Anxious Body

By Yoriko Mizushiri | Animation
Body parts and objects meet with shapes and lines to form something new...

Omeleto is partnering with Unifrance as part of their annual MyFrenchFilmFestival event, which showcases the formidable range of contemporary French cinema. From dark dramas to absurdist comedy to gritty social realism to thoughtful reverie, all the films are distinguished by the excellence of quality and a commitment to cinema as a vital, visionary art form, nourished by a supportive, innovative industry.

Directed and animated by Yoriko Mizushiri, this short animation -- which was a featured short at Cannes -- begins with coolly contemplative images of tape being pulled from a dispenser. This is the central preoccupation of the film's slender, delicate storyline, returned to again and again, though to say the film is narrative is not quite accurate. Instead, it's a reverie, dreamlike and hazy in how it explores the body as a center point for fascination, fixation and even obsession.

Over a putty-gray background, the images -- rendered in a pared-down, minimal line-drawing style -- emphasize the minutiae of existence, from the tapping of a pen to the way a finger rubs the grid of a tennis racket. A subtle electronic score by New York musician Yuka Honda adds a disquieting dimension, with washes of sound interrupted by spikes of noise and squiggles of synthesizer. But it keeps going back to the pulling of tape, and then touching it, before gently mutating to another detail or sensation focused on the physical feeling of skin encountering another object.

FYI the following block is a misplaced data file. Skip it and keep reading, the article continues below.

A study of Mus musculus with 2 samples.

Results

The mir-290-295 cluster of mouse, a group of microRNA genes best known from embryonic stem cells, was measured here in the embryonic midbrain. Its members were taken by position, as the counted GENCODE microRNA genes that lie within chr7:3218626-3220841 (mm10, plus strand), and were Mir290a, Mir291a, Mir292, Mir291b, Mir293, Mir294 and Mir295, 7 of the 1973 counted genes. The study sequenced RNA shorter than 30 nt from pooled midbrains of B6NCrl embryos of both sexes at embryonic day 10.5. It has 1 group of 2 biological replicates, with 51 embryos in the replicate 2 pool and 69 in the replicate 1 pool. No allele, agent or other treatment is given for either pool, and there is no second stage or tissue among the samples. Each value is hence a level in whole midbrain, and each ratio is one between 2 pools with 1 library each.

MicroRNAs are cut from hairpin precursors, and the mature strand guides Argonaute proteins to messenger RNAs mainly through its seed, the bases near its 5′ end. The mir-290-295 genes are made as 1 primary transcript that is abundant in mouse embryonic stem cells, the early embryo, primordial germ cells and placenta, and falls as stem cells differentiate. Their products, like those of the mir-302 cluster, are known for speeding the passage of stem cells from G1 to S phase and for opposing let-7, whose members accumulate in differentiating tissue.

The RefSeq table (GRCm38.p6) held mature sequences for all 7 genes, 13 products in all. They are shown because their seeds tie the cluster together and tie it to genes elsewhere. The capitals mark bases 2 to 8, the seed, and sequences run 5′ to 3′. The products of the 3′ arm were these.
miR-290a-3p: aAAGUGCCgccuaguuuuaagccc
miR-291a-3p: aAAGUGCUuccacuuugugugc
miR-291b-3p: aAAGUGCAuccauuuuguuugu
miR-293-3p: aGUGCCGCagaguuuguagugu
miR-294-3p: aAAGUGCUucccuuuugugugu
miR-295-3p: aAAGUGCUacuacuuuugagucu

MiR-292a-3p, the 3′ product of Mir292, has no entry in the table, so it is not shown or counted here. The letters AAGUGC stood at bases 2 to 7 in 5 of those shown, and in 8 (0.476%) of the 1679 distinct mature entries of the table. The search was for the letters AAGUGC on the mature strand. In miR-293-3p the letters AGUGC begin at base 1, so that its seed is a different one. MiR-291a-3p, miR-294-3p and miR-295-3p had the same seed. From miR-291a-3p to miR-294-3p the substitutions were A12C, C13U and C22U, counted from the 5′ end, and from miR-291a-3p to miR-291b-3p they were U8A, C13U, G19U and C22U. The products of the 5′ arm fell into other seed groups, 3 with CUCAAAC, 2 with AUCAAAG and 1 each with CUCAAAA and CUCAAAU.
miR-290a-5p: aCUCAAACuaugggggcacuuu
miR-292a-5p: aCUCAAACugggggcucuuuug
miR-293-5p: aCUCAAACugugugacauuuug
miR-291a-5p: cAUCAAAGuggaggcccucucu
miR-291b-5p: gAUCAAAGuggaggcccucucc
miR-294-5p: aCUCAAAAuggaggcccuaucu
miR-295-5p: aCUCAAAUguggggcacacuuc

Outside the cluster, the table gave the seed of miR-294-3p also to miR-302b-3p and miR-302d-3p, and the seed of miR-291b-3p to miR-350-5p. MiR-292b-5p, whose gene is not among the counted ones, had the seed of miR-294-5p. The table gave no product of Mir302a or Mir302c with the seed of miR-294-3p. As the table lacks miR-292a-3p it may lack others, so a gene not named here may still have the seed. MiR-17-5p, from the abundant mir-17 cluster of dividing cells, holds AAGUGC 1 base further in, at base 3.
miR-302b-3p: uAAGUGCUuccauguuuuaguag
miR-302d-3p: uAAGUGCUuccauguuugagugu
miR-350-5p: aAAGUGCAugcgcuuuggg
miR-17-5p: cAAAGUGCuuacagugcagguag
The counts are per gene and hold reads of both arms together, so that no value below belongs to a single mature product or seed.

A snake winds its way through the sequences, a disquieting motif that seems to portend growing anxiety and danger. And indeed, as the film progresses, touching loses its exploratory, curious quality and verges into an almost dissociative state. When a hangnail appears on a finger and inches ever closer to the tape, we begin to squirm, knowing what the intention is and anticipating the sharp, stinging sensation that will happen. "Anxious Body" as a film is remarkably focused on the small details of the physical form, rendering its sensations with delicacy. But it also knows that even the smallest piece of body -- just some skin hanging off a finger -- can speak loudly when pulled.